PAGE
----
The California Public Utilities Commission will be holding two meetings to discuss decommissioning costs, but you may speak on any subject! The Commissioners need to hear from us! SHUT DOWN DIABLO!
A remote public forum will be held on Thursday, January 26, 2023 at 6pm. Find details on how to join and make public comments here.
The in-person meeting will be held on Tuesday, January 31, 2023 at 6pm. Details for that meeting can be found here.
San Luis Obispo County Chambers
1055 Monterey Street, Room D170, San Luis Obispo
Read Mothers for Peace comments below.
Absurdly, we’re all following two distinct tracks. One leads to the decommissioning of Diablo Canyon and the other to extended operations.
San Luis Obispo Mothers for Peace, advocates for three decommissioning items:
1) In assessing radiological and chemical contamination at Diablo Canyon, Chapter 5 in the 2018 report on radiological contamination found multiple pathways by which radiological contamination can make its way to Diablo Creek. Thus, we support the testing of the Creek and urge the Commission to make the assessment of radiological and chemical contamination at the plant a high priority in planning for decommissioning.
2) It is essential that the Commission remain aware of national trends in decommissioning. We promote hiring a consultant for this purpose.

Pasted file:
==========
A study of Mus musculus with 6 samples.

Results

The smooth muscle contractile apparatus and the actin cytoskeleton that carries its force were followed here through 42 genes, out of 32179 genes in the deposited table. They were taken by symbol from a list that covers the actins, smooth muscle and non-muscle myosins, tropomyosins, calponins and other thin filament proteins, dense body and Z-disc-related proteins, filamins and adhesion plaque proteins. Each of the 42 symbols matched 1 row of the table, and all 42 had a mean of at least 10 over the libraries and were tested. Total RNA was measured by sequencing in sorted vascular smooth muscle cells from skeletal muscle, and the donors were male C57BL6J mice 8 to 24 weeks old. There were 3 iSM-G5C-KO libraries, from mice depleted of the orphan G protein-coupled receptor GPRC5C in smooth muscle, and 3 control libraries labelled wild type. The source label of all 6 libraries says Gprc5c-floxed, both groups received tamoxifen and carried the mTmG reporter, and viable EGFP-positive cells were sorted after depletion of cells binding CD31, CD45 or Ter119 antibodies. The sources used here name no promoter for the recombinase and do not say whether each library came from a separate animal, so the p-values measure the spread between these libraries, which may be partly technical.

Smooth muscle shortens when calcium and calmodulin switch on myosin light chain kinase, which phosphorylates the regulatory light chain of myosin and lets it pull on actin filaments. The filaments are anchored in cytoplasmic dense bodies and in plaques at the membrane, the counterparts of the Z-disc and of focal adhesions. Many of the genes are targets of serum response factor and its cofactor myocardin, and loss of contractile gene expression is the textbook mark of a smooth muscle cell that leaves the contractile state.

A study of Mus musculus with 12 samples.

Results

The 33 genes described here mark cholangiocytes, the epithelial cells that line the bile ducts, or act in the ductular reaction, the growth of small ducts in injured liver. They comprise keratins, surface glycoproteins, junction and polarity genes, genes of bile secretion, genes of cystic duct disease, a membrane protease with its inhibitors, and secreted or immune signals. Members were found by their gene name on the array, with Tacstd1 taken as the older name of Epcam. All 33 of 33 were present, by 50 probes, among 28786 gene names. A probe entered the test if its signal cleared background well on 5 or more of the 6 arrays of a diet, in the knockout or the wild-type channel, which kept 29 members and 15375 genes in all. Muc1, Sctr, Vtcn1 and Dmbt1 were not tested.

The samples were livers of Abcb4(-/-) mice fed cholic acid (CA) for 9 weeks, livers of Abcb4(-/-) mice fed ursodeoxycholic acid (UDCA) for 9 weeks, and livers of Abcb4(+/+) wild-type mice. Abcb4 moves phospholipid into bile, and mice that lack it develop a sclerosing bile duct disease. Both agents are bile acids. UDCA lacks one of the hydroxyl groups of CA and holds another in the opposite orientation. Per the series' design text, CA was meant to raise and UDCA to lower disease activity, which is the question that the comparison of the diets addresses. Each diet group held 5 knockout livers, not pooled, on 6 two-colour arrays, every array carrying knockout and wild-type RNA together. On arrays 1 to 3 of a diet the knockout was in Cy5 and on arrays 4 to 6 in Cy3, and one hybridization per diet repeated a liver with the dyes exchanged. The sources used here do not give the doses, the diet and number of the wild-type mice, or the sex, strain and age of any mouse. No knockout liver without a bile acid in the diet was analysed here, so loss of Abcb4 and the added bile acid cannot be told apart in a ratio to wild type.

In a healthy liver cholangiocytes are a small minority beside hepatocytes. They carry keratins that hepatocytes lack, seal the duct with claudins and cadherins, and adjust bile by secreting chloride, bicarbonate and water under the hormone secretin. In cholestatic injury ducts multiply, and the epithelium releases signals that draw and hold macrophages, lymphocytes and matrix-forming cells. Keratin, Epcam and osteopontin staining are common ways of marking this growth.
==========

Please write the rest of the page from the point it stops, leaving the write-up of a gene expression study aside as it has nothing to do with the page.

3) Nuclear plants in New York, Massachusetts, Maine, and Vermont have adopted radiological remediation standards that are more stringent than the 25 millirem default standard set by the NRC. These states require a cleanup standard of 10 millirem. PG&E plans to meet the minimum 25 millirem standard. We advocate for PG&E to meet the more stringent standard of 10 millirem.
On the proposal for extended operations of Diablo Canyon and the impacts of SB 846:
- PG&E’s abdication of the Joint Settlement closure agreement of 2018 – which the CPUC approved – is abhorrent, breaking the good-faith agreement among all parties;
- The billions of dollars in tax and ratepayer money being spent on revitalizing this aging plant – federal, state, and local monies – depresses investment in the growth of renewable energy resources;
- There is a lack of accurate, reliable and unbiased analysis of:
- the projected need for Diablo’s energy beyond 2025;
- the projected renewable energy and battery storage resources that will come on line to replace Diablo by 2025;
- the cost comparison to California tax and ratepayers for energy from renewable sources vs. energy coming from Diablo Canyon;
- Very real safety issues are being dismissed: seismic and accident risk, aging and degrading systems and components, a diminished workforce, Unit 1’s embrittled reactor vessel, and numerous delayed maintenance items;
- Environmental review is being waived or expedited;
- The use of the now unlawful once-through cooling system is being allowed to continue, causing great harm to the local marine environment and sea life;
- Even more toxic high level radioactive waste will be generated and stored for an indeterminate amount of time in the vicinity of multiple significant earthquake faults;
- There is a lack of space on the current spent fuel pads to accommodate more dry casks, thereby keeping the spent fuel pools operating at great expense and great risk.
SB 846 deems that the extended operation of Diablo Canyon must be cost effective.
SB 846 authorizes the CPUC to reinstate the 2024/2025 closure dates if it finds that new renewable energy and zero-carbon resources are adequate to substitute for Diablo Canyon.
We urge the Commission to be thorough and vigilant in its examination of cost and the need for Diablo Canyon’s energy.